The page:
Have you heard someone tell you your child has “mastered” a skill or program? I hear that all the time. At first, I thought that was cool. He could now move on to more complicated information. Then, I started learning how “mastering” didn’t take. It wasn’t working.
Here’s an example. Recently, my son’s ABA tutors did a “program” called “more and less”. They would give him a number and ask him to give a number that was either more or less than the number given. He preferred to go up and down one digit. They tried to broaden his understanding by saying, “Great, now give me another number…” and he would then go one more digit up or down as requested.
Last week, we sat down to do homework. There were six “problems” with numbers side by side, each in its own box. He was told to circle the number that was more than or less than. He got every single one of them wrong. So, there you have that skill – NOT mastered.
I read a post from an adult with autism about the way she processes information. She tells in incredible detail about how much input she experiences simultaneously such that some of it is discarded by her. I think my son does the same thing. He focuses on what he finds important and discards the rest. The trouble with that is that he is not an adult, like the blogger above. He needs to know very basic concepts. He cannot discard “more versus less” in favor of the last episode of Spongebob, even though he has great memorization skills.
At first, I was mad at ABA. What kind of crap were they trying to feed me about my son having “mastered” a skill that he dumped from his hard drive less than a month later? Then, I read a post by Rhonda at Going Insane, Wanna Come? that made me think more about the subject. Rhonda is rightfully angry having discovered in a few days of homeschooling her son, that the school that failed him in retaining some basic skills and failed to get him the neuropsychology evaluation that he should have had to help do it years ago.
Our kids struggle. If they show us they have learned something, only to “forget” it shortly thereafter, what was the point of learning it in the first place? Did my son really learn it – or learn the way to manipulate his way to the positive reinforcement? Looks like it was (b) and he fooled his tutors in the process. How superficial are the results of ABA? And what can neuropsych do that other programs can’t?
As a lawyer, I have had rare occasions where a client is subjected to a neuropsychology evaluation to determine the extent of an injury. I never put together that a neuropsychology evaluation could be an educational tool to help my son learn until I read Rhonda’s post (and Jen’s comment after) and started searching the internet.
The first thing I needed to know is what is a neuropsychology evaluation. The definition that was easiest for me to understand was this one:
Neuropsychological evaluation is a specialized psychological assessment that includes systematic, comprehensive assessment of cognitive functions, including:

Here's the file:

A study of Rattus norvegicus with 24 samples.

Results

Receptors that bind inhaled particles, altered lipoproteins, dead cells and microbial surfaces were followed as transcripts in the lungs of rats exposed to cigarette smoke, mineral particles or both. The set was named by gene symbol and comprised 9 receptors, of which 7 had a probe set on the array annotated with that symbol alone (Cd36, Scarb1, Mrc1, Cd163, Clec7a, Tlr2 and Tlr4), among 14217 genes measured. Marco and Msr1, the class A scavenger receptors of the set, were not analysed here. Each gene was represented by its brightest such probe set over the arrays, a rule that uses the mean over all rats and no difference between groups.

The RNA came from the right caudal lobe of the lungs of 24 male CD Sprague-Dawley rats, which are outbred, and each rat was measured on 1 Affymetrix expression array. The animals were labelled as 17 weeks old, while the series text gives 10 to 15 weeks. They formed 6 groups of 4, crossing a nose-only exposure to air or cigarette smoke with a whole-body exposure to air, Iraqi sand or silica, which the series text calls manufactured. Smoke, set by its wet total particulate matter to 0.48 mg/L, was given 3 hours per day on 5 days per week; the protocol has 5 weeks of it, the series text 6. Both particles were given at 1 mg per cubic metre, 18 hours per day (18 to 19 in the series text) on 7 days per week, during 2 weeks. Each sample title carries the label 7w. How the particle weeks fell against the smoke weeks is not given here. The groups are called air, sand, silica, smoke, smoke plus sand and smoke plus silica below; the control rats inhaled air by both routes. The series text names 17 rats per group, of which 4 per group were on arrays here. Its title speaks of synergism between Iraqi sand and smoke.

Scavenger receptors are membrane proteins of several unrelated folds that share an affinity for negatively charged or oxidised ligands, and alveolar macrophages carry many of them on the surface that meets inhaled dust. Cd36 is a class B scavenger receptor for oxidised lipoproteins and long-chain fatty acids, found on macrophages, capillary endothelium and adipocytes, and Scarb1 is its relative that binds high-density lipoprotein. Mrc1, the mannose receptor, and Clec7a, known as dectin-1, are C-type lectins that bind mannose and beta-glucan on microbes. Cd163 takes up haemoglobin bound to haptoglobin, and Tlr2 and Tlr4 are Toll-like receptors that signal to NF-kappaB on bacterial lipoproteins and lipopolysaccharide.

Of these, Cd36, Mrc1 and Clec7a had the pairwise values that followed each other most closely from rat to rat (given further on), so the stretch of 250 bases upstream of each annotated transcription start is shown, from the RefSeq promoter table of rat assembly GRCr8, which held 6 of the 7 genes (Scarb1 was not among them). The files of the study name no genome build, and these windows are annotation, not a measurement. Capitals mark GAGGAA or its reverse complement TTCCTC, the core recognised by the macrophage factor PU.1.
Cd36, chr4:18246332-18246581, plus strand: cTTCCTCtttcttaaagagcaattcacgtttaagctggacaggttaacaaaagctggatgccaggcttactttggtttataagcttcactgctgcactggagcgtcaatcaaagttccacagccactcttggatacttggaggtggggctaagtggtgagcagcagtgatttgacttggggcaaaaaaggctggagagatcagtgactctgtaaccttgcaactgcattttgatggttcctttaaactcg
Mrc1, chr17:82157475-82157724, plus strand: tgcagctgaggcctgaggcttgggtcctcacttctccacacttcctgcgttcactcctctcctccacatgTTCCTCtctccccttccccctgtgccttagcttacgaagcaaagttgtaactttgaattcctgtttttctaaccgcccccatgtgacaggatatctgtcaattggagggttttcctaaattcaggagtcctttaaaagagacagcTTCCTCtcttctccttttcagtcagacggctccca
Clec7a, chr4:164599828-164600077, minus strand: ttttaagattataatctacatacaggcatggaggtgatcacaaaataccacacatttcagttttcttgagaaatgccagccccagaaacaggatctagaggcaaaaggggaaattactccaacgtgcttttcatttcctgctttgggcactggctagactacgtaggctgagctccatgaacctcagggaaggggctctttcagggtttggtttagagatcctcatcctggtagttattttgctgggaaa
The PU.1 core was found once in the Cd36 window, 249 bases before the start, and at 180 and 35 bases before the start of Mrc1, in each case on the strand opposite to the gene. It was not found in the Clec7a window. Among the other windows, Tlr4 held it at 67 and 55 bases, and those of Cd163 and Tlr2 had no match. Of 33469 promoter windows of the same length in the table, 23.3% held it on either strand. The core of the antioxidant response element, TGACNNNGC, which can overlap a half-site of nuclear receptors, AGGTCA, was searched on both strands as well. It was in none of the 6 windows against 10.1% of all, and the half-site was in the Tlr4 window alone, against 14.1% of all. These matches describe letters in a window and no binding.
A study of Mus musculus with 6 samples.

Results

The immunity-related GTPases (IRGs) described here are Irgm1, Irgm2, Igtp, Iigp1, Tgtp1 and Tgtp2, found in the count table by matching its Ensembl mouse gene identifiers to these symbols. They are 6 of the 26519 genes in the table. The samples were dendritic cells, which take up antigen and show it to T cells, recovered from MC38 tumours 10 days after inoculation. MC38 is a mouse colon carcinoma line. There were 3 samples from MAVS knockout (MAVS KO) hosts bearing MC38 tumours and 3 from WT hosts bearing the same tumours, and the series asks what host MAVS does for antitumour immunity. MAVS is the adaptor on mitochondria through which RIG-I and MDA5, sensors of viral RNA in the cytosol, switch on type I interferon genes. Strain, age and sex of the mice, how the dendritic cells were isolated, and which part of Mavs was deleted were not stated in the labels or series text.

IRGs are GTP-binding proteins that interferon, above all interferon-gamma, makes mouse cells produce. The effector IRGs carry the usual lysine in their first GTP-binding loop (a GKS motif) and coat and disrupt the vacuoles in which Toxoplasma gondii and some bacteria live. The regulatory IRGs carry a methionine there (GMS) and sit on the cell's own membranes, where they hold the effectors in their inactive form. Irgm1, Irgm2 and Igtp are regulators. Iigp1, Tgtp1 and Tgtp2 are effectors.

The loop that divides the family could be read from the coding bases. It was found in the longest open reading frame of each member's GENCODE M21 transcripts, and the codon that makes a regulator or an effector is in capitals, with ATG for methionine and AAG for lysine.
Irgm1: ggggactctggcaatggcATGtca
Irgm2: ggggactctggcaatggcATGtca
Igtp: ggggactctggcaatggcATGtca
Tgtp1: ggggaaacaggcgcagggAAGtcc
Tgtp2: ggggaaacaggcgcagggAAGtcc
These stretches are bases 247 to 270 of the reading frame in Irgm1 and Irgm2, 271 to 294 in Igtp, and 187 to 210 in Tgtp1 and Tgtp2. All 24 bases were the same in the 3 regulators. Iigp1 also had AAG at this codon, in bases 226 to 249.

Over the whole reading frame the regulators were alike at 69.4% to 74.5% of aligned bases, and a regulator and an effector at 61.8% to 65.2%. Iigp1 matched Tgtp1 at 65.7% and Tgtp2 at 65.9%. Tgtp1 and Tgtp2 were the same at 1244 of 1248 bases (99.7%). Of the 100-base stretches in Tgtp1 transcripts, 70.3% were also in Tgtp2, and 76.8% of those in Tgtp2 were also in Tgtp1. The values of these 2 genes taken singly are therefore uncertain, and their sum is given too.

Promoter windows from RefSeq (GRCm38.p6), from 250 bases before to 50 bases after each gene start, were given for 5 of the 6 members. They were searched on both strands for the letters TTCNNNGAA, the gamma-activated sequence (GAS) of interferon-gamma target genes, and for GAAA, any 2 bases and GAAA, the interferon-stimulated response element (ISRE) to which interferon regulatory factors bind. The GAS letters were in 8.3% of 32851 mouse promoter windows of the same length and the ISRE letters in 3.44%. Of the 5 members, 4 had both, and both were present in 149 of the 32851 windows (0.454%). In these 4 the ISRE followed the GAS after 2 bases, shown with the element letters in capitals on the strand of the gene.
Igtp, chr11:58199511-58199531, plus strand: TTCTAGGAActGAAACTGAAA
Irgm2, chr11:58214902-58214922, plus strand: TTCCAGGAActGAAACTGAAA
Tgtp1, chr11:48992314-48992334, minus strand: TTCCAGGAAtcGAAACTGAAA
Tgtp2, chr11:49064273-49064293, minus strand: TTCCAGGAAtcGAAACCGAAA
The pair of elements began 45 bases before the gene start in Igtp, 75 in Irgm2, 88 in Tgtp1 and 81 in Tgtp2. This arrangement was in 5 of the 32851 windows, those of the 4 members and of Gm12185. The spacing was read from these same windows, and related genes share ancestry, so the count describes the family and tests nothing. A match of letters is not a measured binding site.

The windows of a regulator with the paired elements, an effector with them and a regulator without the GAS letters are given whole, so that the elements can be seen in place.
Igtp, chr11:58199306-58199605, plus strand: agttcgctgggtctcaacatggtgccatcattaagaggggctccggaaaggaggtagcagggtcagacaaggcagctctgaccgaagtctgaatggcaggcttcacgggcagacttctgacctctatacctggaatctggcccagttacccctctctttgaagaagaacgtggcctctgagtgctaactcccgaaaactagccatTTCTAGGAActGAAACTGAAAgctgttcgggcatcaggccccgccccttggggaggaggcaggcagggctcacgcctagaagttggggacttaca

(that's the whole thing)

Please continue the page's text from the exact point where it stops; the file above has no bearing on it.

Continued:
- Intelligence & problem solving
- Attention & executive function
- Language & auditory processing
- Memory, & learning
- Visual-perceptual & sensorimotor abilities
- Academic achievement
- Emotional, & behavioral functioning
This website also said more good stuff, like this:
“Neuropsychological evaluation has been classically used to assess the cognitive consequences of brain injury and neurological problems. It is, however, also an excellent tool for ascertaining the underpinnings of learning difficulties and other childhood disorders because it identifies specific intellectual strengths and weaknesses. For example, a child with a superficial attention problem may have an underlying difficulty with language. Or a child with a superficial problem with memory may have an underlying difficulty with attention. Sometimes there is an interaction between more than one area of difficulty. Therefore, systematic evaluation of more than one area of cognitive functioning is often necessary in order to “put all of the pieces of the puzzle together.” Besides deficit areas, a neuropsychological evaluation also indicates areas of strength that may be useful in remediating learning difficulties.
Neuropsychological evaluation provides comparison between areas of functioning, as well as comparison of the individual cognitive domains with general intellectual functioning. Additionally, it provides rich and detailed information about strengths and weaknesses within a particular area of functioning. This information can be extremely helpful for educational planning.”
So, the neuropsych evaluation sounds like a pretty powerful tool that should be given to all of us with ASD children to help plan their educational paths. But, as with any tool, we have to be careful what we request. Often, if the school district gives us one, it is because they have someone on the payroll who is not properly credentialed, or who is bought and paid for by the school to decrease costs for the district of funding programs for our kids. Thus, we won’t get an honest and independent evaluation with a good planning guide.
No one has ever suggested a neuropsych evaluation for my son to me. I wonder how much it costs. The website I referenced above does not bill insurance or take insurance. It is private pay. As I recall from the billing done in some old cases, I think it runs $3,500 to $5,000 for the assessment and report which included a short section on planning recommendations. I’m quite sure the school district won’t be recommending this for my son. I think you know who will be recommending it. Yeah – me.
Meanwhile, I’m seeking it through our health care provider’s referral as well. Just mentioning it here, as a possibility for others, like me, who were unaware of the benefits it might provide. Now, go get ’em!